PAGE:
Friday, October 23, 2020

Alone With All My Friends....

 What do you do when you want to work on a campaign and the “in-charge” people cannot figure out what you should do, or for that matter what they should do.  You could just say, “Well if they don’t want me, then I don’t want them.”   Or since you have been working in politics your whole life and you want to make America kind again, you figure out what needs to be done, and you just do it. My week here could be a TV special called “The Crazy Person is at it Again.”   It's about this nutty campaign strategist who has worked in every area of political campaigns.

In a campaign no job is too small and no task is unimportant. There is so much to do and never enough time to do it. For example, money has to be raised, schedules have to be established, there needs to be a message, the message leads to what kind of events you will have. There is a need for a press operation or at least a press person. There is usually a field organization, an advance team, campaign paraphernalia available, signs, buttons, and stickers that tell you in a most succinct way why you need to elect your candidate.

If however, you have a candidate and no campaign structure what do you do?   You look at the operation and see what needs to be done and without bullying anyone - you do it by yourself. You collect the materials you need,  and distribute them to the places from which the campaign will benefit the most. Will you look silly being a one person campaign (there are people working, but there isn’t enough time to train them) and again, you don’t want to appear to be anything but helpful.  So far I have written 200 Get Out the Vote postcards, made fundraising calls for candidates other than my own, since I can’t get a list from "my own."   I attend rallies that I know will be in certain places, carry signs and a banner flag, go door-to-door, always masked, to see if people will put signs upon their lawns. At this late date you do not waste your resources on places you know will not vote for your candidate and your political party— in this case it’s the Democrat party.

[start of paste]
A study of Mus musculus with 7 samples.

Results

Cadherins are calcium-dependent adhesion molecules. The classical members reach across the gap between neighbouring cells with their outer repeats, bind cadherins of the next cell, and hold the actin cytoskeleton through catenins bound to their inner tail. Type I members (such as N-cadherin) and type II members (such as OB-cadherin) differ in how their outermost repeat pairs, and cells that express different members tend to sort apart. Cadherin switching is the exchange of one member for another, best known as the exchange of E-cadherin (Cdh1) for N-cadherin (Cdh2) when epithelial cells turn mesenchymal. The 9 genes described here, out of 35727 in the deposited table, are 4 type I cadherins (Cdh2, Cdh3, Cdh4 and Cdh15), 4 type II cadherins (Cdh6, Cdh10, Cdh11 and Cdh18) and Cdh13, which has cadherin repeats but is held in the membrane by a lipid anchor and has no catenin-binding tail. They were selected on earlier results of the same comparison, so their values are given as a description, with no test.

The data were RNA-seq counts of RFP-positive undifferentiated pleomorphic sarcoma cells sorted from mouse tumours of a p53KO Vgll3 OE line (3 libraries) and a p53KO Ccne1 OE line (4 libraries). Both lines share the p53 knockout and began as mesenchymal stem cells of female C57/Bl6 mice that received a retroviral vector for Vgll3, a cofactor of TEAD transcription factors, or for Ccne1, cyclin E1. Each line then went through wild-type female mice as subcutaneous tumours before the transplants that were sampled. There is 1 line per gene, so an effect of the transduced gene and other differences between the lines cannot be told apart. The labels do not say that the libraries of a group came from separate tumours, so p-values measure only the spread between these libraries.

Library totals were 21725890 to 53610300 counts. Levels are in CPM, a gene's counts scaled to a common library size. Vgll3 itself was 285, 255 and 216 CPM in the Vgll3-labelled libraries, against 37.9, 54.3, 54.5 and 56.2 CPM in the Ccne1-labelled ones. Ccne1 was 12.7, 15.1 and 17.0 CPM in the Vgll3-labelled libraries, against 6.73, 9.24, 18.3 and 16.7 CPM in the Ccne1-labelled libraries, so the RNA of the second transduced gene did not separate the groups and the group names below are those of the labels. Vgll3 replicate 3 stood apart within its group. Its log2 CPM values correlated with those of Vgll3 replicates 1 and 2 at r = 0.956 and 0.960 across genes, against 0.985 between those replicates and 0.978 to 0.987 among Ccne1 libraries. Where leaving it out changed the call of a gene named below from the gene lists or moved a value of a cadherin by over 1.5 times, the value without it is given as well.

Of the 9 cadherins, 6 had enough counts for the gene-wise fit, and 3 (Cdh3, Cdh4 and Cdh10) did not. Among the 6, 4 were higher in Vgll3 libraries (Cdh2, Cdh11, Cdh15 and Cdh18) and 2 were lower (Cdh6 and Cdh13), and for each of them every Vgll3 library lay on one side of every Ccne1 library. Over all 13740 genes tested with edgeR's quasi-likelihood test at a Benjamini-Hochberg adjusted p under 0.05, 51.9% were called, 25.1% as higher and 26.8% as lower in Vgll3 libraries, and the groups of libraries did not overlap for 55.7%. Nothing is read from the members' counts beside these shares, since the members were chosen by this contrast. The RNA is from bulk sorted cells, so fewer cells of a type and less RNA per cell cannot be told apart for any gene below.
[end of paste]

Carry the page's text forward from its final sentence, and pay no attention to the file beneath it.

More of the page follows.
As I drive around with my flags and signs I am one person but I am not alone. Right there, sitting beside me and yelling in my ear, as they always did, are Wagner, Tully, Harold, Anne, Sarah, Donna, Kim, Sue, and Alicia, Sid, and all those folks with whom I have worked over the years. Not only do they tell me what I should be doing, but, as we ride along we tell old campaign stories like, "do you remember when we left all our rental cars someplace close to the border but in Mexico. Or the time the event site got washed out by near tornado winds and rain five minutes before the candidate arrived. Or the time we were flying in the Bassler Bomber and we were reported missing somewhere between NY and Wisconsin. Remember when we were in NYC and had to raise enough money to get to Chicago ? " (Before the FEC limits on cash being passed in a hat.)   There is no shortage of stories and they go on forever because telling stories is almost the best part of working in campaign politics.  We're just saying...Iris.